My colleague and friend Jim Wilson recently commented on the Failure Drill. In doing so, he kicked over a hornet's nest, because the readers' comments display a wide range of pro-and-con vehemence, if not common sense. Jim is a sturdy fellow who has weathered his share of storms in life—armed and otherwise—and needs no help from me. But there are a few things in those responses that just cry out for attention. So here's my two cent's worth.
While it is certainly true that the Failure Drill is getting a little long in the tooth, no one can conclusively establish that an older technique is somehow losing its luster. For Pete's sake, it isn't the paint job on a '53 Chevy, it is an emergency procedure worked out by some master shooter/teachers and based on the specific experience of one of their number. The body armor argument came in years later and is further justification for teaching it. Bad Guys—including some of the recent spate of crowded-building wacko shooters—do wear body armor. Two quick shots is an acceptance of the fact that the portable handgun is not ideal for the job and one more to the head might resolve it. You don't get to take a time out to get a better weapon in this game. Are any of the critics offering an alternative?
It is also true that it was popularized by Jeff Cooper and initially taught as the “Mozambique.” The late Colonel Cooper was not loved by all of his readers, but like the fictional gunfighter in "The Shootist," he was ... widely respected. If you sit back and look at the body of work that this man performed, it seems that he should have been more widely respected. The Failure Drill was one technique in a wide array of techniques taught at Gunsite. Too many critics of Cooper and Gunsite form their opinions of the training on the basis of one 250 Basic pistol week. That's like criticizing your local Kindergarten as being a little weak on quantum physics. In other word, one 250 does not a gunfighter make. If you want to take umbrage with their doctrine (including the outmoded Failure Drill), you should be a veteran of more than reading Chapter One. I am personally well-short of having mastered the entire curriculum, but I've gone there for 20-plus courses since the first one in '93. And yep, I have been trained in the classic Failure Drill, Mozambique or Standard Response—as well as three or four alternative techniques for similar situations.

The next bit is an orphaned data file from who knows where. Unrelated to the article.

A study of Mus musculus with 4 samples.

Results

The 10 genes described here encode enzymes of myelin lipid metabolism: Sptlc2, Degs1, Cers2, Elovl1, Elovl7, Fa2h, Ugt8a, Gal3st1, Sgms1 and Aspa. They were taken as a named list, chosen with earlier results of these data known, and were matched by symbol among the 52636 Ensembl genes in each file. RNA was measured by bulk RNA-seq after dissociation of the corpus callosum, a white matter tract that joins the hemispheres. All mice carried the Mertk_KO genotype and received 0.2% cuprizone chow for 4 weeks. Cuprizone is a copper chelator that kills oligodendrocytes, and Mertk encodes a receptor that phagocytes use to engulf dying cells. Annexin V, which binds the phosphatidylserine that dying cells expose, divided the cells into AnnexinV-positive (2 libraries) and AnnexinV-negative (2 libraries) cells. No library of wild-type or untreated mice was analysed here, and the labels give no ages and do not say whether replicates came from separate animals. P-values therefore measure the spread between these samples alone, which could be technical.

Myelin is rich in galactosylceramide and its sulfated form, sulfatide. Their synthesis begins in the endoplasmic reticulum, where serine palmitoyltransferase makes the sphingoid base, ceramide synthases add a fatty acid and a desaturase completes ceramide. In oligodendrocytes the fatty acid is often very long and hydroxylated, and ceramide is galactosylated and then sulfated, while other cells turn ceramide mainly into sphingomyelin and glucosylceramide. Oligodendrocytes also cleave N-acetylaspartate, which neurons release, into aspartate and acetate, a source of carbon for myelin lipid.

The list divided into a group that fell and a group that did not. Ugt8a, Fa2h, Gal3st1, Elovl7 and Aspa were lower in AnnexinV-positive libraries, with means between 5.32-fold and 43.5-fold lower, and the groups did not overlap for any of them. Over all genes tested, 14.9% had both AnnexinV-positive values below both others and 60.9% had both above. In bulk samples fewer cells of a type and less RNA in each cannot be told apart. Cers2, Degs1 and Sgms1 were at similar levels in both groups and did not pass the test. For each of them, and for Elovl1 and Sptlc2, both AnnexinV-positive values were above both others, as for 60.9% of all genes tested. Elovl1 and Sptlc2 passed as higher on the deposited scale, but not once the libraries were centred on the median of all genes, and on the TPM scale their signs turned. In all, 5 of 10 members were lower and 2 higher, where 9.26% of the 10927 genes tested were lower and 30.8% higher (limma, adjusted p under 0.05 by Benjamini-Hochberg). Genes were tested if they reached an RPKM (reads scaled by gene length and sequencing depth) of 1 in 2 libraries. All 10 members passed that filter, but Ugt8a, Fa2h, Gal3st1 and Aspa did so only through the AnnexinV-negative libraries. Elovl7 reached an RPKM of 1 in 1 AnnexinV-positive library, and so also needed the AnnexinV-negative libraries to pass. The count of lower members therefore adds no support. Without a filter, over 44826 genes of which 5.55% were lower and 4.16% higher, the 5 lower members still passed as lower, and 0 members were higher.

Jim Wilson made another point in his initial post. He strongly stated that this is not an easy technique to learn and downright difficult to perform at will. It requires time, patience and developed skill. I have watched him do it in practice at Gunsite and it's clear that he knows that of which he speaks. That wirey Texan is a damned handy pistolero.